No one likes to be trapped in a middle seat on an airplane or next to passengers who won't leave you alone. Now, the free market, and the app economy, have figured out a way to solve that problem... so long as you're willing to pay.
Flying, which hasn’t been fun for years, is made worse by a bad seat. On a long-haul flight, how much would you pay to move out of your middle seat or get away from a non-stop talker or a frequent farter? That’s the basis for Seateroo, a recently launched app.
Evidently, bad smells can be a byproduct of flying. “A professor from the University of Copenhagen found that the drop in air cabin pressure increases the frequency of flatulence,” says Seateroo. So that explains why the row mate on your last flight tooted his way home.
Seateroo enables you to swap your awful seat with a passenger on the same flight for a fee. Unlike Seatguru and Expertflyer, tools that assist you in selecting the best plane seats before you board, Seateroo helps you get out of the rotten seat you’re otherwise stuck with.
Can’t fold your legs into your mini-sized middle seat? Get claustrophobic sitting in the last row? Worried about noise from the galley waking you up on your overnight flight? With Seateroo, you download the free app, sign-up, offer a price for someone to switch with you and see what happens.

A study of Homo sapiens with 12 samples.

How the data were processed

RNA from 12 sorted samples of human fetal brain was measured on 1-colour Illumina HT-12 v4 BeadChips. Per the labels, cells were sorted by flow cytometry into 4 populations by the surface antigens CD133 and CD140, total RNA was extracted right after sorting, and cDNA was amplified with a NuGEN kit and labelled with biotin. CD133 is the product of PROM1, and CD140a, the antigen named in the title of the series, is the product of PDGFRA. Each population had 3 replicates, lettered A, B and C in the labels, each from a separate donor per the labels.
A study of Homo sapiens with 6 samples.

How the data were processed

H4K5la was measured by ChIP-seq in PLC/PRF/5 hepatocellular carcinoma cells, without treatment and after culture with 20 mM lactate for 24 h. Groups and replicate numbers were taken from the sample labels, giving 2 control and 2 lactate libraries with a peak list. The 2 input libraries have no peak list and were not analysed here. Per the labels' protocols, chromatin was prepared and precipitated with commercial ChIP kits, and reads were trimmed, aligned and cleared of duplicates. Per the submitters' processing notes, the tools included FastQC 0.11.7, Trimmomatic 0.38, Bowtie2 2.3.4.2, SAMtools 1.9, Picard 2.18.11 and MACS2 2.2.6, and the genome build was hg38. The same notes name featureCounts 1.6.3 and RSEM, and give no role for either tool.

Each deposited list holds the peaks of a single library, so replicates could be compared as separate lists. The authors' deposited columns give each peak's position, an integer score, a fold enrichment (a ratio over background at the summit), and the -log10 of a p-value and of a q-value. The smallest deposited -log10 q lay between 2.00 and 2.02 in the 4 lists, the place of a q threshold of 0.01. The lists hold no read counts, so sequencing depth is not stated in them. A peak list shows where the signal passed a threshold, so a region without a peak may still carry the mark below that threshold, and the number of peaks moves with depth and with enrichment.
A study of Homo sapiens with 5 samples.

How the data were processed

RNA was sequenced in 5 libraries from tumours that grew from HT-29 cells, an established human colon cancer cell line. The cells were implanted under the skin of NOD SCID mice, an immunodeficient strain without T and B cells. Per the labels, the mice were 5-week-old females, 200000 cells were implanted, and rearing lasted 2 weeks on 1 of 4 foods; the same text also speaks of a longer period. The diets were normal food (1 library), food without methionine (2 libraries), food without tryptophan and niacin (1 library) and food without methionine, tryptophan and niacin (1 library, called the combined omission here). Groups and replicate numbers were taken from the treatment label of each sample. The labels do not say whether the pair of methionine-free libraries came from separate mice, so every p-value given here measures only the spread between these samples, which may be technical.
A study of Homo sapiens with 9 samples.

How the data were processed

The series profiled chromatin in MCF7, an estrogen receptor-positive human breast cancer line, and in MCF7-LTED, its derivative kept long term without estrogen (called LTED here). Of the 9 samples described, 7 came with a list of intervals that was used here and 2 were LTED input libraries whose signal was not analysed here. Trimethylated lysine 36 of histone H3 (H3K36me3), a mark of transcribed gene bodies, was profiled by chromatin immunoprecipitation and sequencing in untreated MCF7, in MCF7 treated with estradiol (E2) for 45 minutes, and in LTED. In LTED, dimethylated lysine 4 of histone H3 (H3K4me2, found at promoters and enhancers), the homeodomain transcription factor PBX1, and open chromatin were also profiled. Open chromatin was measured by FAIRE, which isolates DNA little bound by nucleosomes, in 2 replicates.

Interestingly, Seateroo offers a potential remedy for what the seat charts can’t warn you about: the aggravating passenger in the seat next to you. Is your seat belt buddy too chatty, too chubby, or too malodorous? Now, you can pay to get away from him or her.
Why would someone swap a good seat—aisle, window, upfront—for one that isn’t? Money. Seateroo is pure marketplace. The minimum fee offered to the willing swapper is $5. Seateroo takes 15%. Exit row passengers, Seateroo notes, must swap after receiving permission from a flight attendant who ensures that the swapper can meet exit row requirements.
Prices for swaps vary with the length of the flight and the problems with your seat. According to a Seateroo November survey, the average price passengers would ask to move from a premium seat to an economy seat was $56 for a short flight and $79 for a long flight. But that was the average. Suggested rates came in as low as $30 and as high as $100.
Seateroo lets you post your request five days in advance of your flight except if boarding Southwest Airlines, which does not assign seats. For Southwest seats, post requests one day in advance.
How much would you pay not to have to sit next to an annoying passenger on a short flight and on a long one? Comment below or connect with me on Twitter, @familyitrips.